Tribpedia: Texas Medical Association

The Texas Medical Association (TMA) was organized by 35 physicians in 1853 to serve the people of Texas in matters of medical care, prevention and cure of disease, and the improvement of public health.

TMA supports Texas physicians by providing solutions to the challenges they encounter in the care of patients. Nearly 45,000 physicians and medical students are members.

Doctors, Telemedicine Companies Meet to Plot New Course

A health care provider demonstrates a form of telemedicine using a video consultation. Physicians' and industry groups are negotiating new rules governing telemedicine.
A health care provider demonstrates a form of telemedicine using a video consultation. Physicians' and industry groups are negotiating new rules governing telemedicine.

Lobbyists for doctors' groups and the telemedicine industry hope to hammer out a compromise over the state's rules governing long-distance health care by the end of the summer. The question is whether they can keep the peace between doctors, telemedicine companies and health insurers until state lawmakers convene in 2017.

Physician Christine Le, an osteopathy specialist at the Kelsey-Seybold Clinic in Houston, checks up on her patients Mary Ann Goolsby and her husband Joseph Goolsby, Tuesday June 10, 2014.
Physician Christine Le, an osteopathy specialist at the Kelsey-Seybold Clinic in Houston, checks up on her patients Mary Ann Goolsby and her husband Joseph Goolsby, Tuesday June 10, 2014.

Trying to Limit Outside Influence in Prescribing Drugs

More doctors and medical facilities are working to reduce interactions between physicians and pharmaceutical representatives, and they have some support from the pharmaceutical industry.

Dr. Rose Okoro, a nurse practitioner, who owns Daystar Family Clinic in Katy, is shown on May 12. 2014. She says she has struggled to treat a greater number of Medicaid patients because of state regulations.
Dr. Rose Okoro, a nurse practitioner, who owns Daystar Family Clinic in Katy, is shown on May 12. 2014. She says she has struggled to treat a greater number of Medicaid patients because of state regulations.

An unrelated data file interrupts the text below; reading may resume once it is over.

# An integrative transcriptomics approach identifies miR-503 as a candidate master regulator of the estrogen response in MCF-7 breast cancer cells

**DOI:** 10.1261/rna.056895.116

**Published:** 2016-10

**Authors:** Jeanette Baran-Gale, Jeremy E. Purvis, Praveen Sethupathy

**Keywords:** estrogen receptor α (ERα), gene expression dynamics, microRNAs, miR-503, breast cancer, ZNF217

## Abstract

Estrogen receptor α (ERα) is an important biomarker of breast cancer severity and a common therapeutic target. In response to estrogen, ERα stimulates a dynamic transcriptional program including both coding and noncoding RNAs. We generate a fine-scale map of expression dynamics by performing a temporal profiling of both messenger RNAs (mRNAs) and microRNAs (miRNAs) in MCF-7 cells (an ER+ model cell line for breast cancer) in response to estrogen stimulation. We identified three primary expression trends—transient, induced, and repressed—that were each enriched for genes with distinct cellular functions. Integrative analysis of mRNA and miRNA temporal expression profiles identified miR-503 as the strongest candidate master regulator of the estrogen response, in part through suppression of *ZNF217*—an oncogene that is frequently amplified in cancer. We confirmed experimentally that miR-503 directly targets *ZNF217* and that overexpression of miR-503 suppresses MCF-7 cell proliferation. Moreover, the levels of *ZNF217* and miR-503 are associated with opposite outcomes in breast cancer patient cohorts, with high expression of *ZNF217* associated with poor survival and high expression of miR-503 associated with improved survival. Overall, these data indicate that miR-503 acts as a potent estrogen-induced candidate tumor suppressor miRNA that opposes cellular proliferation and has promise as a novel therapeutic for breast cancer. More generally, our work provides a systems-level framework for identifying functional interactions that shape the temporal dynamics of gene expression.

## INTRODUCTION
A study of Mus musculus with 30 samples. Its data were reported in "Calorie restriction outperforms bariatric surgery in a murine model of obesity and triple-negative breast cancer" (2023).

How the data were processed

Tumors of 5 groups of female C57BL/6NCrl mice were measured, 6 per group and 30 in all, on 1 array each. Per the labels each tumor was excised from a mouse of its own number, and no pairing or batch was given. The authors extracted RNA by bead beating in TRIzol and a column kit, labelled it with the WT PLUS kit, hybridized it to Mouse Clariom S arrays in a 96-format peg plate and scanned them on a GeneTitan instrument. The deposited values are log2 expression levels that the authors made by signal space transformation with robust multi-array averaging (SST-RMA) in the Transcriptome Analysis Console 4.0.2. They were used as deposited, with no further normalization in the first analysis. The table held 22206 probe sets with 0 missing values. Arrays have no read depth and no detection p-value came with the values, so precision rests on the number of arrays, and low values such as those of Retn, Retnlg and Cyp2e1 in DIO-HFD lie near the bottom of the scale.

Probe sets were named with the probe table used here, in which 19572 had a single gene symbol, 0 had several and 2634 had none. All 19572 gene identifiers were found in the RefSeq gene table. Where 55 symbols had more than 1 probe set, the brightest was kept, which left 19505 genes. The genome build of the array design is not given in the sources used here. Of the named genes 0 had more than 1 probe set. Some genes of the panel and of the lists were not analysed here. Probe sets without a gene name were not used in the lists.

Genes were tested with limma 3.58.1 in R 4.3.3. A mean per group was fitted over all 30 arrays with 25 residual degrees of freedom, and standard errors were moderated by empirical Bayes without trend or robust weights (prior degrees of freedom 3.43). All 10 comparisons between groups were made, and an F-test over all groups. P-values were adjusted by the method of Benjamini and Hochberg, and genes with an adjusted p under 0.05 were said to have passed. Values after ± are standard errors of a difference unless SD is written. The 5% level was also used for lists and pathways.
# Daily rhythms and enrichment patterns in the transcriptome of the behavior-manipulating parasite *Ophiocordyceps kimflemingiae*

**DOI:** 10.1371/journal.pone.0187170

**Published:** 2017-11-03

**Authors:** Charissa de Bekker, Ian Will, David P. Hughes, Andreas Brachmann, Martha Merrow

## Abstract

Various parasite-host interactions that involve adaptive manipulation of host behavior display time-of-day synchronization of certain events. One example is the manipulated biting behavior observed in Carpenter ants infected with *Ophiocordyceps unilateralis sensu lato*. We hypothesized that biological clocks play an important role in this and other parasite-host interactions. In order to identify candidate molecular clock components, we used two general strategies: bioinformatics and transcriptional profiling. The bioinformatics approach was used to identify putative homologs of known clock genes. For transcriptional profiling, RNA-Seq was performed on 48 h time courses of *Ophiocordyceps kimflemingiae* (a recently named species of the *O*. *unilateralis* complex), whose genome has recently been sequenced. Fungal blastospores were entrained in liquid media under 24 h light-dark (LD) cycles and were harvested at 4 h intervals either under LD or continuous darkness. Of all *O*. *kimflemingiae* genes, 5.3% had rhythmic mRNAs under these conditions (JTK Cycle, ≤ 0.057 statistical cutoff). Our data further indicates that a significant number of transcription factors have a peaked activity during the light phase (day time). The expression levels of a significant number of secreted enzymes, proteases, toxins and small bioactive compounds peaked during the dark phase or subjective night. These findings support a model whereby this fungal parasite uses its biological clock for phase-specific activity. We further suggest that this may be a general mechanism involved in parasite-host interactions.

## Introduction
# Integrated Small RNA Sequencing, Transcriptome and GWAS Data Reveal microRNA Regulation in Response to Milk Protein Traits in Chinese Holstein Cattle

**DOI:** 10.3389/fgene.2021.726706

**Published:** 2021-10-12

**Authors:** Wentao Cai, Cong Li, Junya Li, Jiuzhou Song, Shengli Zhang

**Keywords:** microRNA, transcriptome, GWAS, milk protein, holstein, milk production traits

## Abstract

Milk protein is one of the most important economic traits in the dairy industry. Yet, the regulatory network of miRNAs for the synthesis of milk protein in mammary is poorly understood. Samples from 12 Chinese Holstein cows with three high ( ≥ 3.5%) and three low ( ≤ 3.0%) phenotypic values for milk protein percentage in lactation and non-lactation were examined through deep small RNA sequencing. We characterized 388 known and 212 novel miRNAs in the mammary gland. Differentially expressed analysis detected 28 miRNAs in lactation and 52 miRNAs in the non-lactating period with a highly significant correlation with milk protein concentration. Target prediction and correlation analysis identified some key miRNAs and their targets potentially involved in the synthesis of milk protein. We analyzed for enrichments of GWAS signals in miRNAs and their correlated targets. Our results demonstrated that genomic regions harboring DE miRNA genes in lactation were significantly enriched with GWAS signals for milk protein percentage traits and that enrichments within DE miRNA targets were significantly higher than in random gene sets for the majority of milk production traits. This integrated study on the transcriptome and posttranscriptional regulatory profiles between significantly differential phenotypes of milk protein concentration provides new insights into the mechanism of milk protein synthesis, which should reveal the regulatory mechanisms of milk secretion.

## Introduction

Nurse Practitioners Look to Ease Supervision Rules

Nurse practitioners say state regulations, which link them to supervising physicians, limit their ability to treat patients in a state with a looming shortage of primary care physicians. 

Helen Hawkins, a certified pediatric nurse practitioner, treats 13-month-old Kevin Gorostieta at Carousel Pediatrics in Austin on Nov. 8, 2012.
Helen Hawkins, a certified pediatric nurse practitioner, treats 13-month-old Kevin Gorostieta at Carousel Pediatrics in Austin on Nov. 8, 2012.

Medicaid Fraud Settlement Worries Health Providers

For providers who treat the state’s poorest patients, a settlement between the state and a Medicaid provider raises questions about how the state distinguishes fraudulent intent from human error.

Nurse practitioner Christina Blanco speaks to the office manager at her medical spa and clinic in Las Cruces, N.M. on Saturday, Nov. 23, 2013. The spa and clinic was previously in El Paso for several years, but moved to Las Cruces in October and currently has six employees.
Nurse practitioner Christina Blanco speaks to the office manager at her medical spa and clinic in Las Cruces, N.M. on Saturday, Nov. 23, 2013. The spa and clinic was previously in El Paso for several years, but moved to Las Cruces in October and currently has six employees.

Despite Changes, Nurses Push for More Independence

Although Texas lawmakers loosened physician supervision requirements for advanced practice nurses in the 2013 legislative session, some health providers argue they should have allowed them to practice independently, too.

March 6th, 2012: Protest against Texas lawmakers decision regarding changed to the  the Women's Health Program. the federal government is expected to cut funding for the program because Texas improperly excluded Planned Parenthood from its list of providers
March 6th, 2012: Protest against Texas lawmakers decision regarding changed to the the Women's Health Program. the federal government is expected to cut funding for the program because Texas improperly excluded Planned Parenthood from its list of providers

"Obamacare" on Center Stage

Texas Weekly

From contraception and cancer screenings to "Obamacare" and state physician shortages, here's a look at the month ahead in Texas health policy. 

Dr. Javier Saenz with a patient, Elena Chavez, 73. Chavez is part of the 50 percent of patients Saenz sees who draw from both Medicare and Medicaid.
Dr. Javier Saenz with a patient, Elena Chavez, 73. Chavez is part of the 50 percent of patients Saenz sees who draw from both Medicare and Medicaid.

State Cuts Squeezing Elderly Poor and Their Doctors

After the state reduced its share of co-payments for Texans who are dually eligible for Medicare and Medicaid, doctors who treat such patients are seeing revenue disruptions.